Richard Sadlier: Sacrifices needed to overhaul system that's failing us
The treatment of elite players has to improve for sake of Irish football, says Richard Sadlier
Imagine a system where all the elite schoolboys of Ireland were attached to the academies of Airtricity League clubs. Imagine underage international squads could only be made up of players from these clubs. Imagine only 'A' licensed coaches would be allowed to work in these clubs. Imagine the only route to England or elsewhere was by playing for one of these clubs.
Now consider the outrage among many people in Irish football who have just read this.
Speaking on RTE radio recently, FAI high performance director Ruud Dokter said none of this. What he did say was that he aimed to involve and consult the relevant bodies and roll out a national plan for the development of the game in Ireland, the fruits of which would not be seen for another 10 or 15 years.
He honed in on the fact that there is no common pathway for elite players to develop their careers but stopped short of explaining what he had in mind. He's thinking long-term about elite players on a national level, which in itself puts him at odds with a lot of people's thinking. No matter what he comes up with, though, if it involves change to existing structures he'll be met with some fierce opposition. His efforts will rely entirely on the support he receives from the FAI.
I've been critical many times of the FAI's approach to elite player development. The system in place in Ireland is unlike that in the majority of countries in European football. It is one of the few places where the elite underage players are not connected with the academies of the best senior clubs.
There are many traditional, political, financial and sporting reasons why this is the case, but it needs to be addressed in a meaningful way. From the comments made by Dokter, it sounds like he's keen to at least give it a go.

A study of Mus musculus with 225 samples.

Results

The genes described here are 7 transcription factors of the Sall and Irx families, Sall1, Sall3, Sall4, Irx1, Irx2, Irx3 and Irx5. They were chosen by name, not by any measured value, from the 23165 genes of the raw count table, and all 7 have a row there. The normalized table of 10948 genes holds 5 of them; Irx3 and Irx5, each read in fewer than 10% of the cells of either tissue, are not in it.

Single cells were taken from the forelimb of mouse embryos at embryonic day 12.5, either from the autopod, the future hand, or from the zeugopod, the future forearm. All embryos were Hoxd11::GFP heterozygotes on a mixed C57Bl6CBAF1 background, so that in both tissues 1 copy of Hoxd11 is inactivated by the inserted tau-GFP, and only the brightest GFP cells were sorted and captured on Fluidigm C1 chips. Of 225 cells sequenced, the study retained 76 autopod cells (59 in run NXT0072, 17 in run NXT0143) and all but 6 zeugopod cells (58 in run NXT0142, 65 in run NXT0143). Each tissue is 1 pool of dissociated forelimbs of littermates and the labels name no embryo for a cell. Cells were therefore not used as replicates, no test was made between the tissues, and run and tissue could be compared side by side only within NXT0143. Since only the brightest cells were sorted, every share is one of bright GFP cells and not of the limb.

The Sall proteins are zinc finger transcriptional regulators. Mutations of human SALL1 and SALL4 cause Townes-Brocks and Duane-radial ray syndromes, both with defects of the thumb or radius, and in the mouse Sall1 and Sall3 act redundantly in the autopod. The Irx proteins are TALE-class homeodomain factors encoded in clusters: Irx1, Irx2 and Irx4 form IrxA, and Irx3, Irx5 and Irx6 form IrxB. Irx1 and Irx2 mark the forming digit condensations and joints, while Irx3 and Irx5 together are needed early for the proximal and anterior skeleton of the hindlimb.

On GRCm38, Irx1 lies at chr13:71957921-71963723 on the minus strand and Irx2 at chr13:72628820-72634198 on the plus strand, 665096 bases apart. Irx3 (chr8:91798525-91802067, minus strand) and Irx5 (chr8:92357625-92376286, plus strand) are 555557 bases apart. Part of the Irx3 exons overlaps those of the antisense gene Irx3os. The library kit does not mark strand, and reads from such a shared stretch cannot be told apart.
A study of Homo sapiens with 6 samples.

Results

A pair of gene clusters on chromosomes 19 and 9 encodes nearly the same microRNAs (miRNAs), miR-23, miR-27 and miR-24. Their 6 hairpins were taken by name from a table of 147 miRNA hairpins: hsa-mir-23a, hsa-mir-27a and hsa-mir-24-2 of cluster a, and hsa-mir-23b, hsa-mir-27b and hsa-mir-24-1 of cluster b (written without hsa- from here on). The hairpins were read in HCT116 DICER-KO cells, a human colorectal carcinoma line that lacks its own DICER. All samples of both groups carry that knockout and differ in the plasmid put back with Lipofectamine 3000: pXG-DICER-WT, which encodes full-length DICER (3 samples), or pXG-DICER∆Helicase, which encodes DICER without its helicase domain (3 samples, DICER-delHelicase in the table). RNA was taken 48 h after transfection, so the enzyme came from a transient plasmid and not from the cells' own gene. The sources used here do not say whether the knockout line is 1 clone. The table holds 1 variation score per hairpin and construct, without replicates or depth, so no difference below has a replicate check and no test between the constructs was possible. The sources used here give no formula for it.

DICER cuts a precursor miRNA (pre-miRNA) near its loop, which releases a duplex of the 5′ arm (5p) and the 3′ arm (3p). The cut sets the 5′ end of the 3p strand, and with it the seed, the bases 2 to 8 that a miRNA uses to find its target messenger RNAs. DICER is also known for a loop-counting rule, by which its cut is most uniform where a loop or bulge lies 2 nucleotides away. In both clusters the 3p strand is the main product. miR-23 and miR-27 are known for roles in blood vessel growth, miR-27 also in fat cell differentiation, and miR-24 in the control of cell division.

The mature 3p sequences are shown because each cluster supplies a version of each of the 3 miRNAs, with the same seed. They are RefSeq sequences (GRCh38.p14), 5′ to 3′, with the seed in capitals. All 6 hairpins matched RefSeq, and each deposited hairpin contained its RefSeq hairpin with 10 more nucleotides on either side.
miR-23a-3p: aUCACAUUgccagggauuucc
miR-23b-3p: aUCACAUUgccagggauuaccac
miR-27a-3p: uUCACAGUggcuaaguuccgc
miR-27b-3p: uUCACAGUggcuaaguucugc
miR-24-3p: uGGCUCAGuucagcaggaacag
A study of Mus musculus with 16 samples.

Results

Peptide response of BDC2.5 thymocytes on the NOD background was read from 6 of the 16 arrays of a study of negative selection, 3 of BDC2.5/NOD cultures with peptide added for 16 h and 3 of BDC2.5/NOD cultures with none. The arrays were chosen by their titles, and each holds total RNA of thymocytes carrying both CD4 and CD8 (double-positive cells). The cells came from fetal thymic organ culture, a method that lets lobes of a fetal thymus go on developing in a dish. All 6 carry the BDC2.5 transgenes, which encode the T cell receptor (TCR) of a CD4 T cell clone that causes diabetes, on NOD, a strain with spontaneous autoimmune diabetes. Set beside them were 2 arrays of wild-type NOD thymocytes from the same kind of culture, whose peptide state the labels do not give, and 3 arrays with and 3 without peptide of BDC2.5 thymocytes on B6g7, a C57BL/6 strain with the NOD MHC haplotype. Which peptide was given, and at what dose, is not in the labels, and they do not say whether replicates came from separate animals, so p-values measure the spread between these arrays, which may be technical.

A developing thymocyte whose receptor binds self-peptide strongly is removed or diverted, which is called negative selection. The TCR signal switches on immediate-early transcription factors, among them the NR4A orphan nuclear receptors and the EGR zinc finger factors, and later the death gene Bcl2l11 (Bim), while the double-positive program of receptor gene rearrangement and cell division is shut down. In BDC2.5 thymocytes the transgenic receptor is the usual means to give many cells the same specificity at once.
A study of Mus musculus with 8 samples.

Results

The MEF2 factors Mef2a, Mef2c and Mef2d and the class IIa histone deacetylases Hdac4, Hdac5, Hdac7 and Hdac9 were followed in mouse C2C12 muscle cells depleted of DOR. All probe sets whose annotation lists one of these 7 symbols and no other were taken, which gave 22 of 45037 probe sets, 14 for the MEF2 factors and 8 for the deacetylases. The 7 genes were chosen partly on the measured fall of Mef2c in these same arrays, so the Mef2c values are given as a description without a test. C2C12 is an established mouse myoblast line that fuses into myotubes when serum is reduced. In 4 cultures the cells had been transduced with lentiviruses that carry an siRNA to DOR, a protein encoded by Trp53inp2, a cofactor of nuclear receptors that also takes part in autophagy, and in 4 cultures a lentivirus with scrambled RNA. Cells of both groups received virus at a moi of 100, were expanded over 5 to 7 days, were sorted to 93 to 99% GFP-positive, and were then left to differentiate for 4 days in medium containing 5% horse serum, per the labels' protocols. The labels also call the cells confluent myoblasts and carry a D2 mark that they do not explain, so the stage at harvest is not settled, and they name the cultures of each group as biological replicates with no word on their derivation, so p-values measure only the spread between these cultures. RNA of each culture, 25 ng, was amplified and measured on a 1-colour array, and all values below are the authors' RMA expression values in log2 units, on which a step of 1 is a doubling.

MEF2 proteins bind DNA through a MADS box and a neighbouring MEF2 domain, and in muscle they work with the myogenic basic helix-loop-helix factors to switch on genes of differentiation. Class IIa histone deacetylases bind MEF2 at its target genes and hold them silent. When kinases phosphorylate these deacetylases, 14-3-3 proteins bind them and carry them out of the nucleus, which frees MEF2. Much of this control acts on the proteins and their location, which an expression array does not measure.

Take the Emerging Talent Programme. Any programme which excludes players below the age of 14 can hardly claim to be working with emerging talent. Dokter said he believed it was working well but said his aim was to influence players as young as 11. Yes, it's setting the bar very low by praising him for this, but it's a positive step nonetheless.
Whatever his plans are for the merging of schoolboy and senior structures, the position of Airtricity League clubs must be considered in full also. I'm sure Keith Fahey's image will feature heavily in the promotion of the 2014 season, but his return is not an indicator of a league in good health or that players of his ability are now seeing it as a credible option. Nor can it be seen as a vindication of how the league is progressing.
The majority of players who competed in last season's competition spent the close season on the dole or in part-time employment because clubs cannot afford to continue to pay them. A full-time structure is still beyond reach for nearly everyone.
League clubs don't have the funding or the stability to roll out a serious youth development programme and the power structures of schoolboy football are too well established to challenge. Implementing change in that area would require phenomenal feats of diplomacy and drive, but Dokter expects to present a national plan in the new year on how best to achieve his aims.
If the FAI are serious about his role and supporting him in his plans -- whatever they may be or however long they may take to implement -- then the landscape can change in any way they see fit.
In the past they have lacked the vision, the finances or the political will. In most cases, they
have lacked all three. But Dokter is about to present a plan for change. Irish football's response to change has traditionally been one of resistance, but there has never been a better time to embrace it. With Ireland at its lowest ever world ranking, there has never been a more important time either.
It will take progressive thinking and co-operation from those involved, but it will also involve self-sacrifice for the greater good. None of those are elements you'd instantly relate to Irish football. For too long, Ireland's elite footballers have been let down by a system aimed at shipping them off to the UK at the earliest opportunity. Radical change is needed but it takes vision and will to achieve. When Dokter produces his plan, the FAI need to summon the political strength to help him deliver it.
"I have to make people collaborate rather than doing their own thing," was how Dokter phrased it a fortnight ago. In Irish football, as I'm sure he is finding out, that's an enormously difficult task.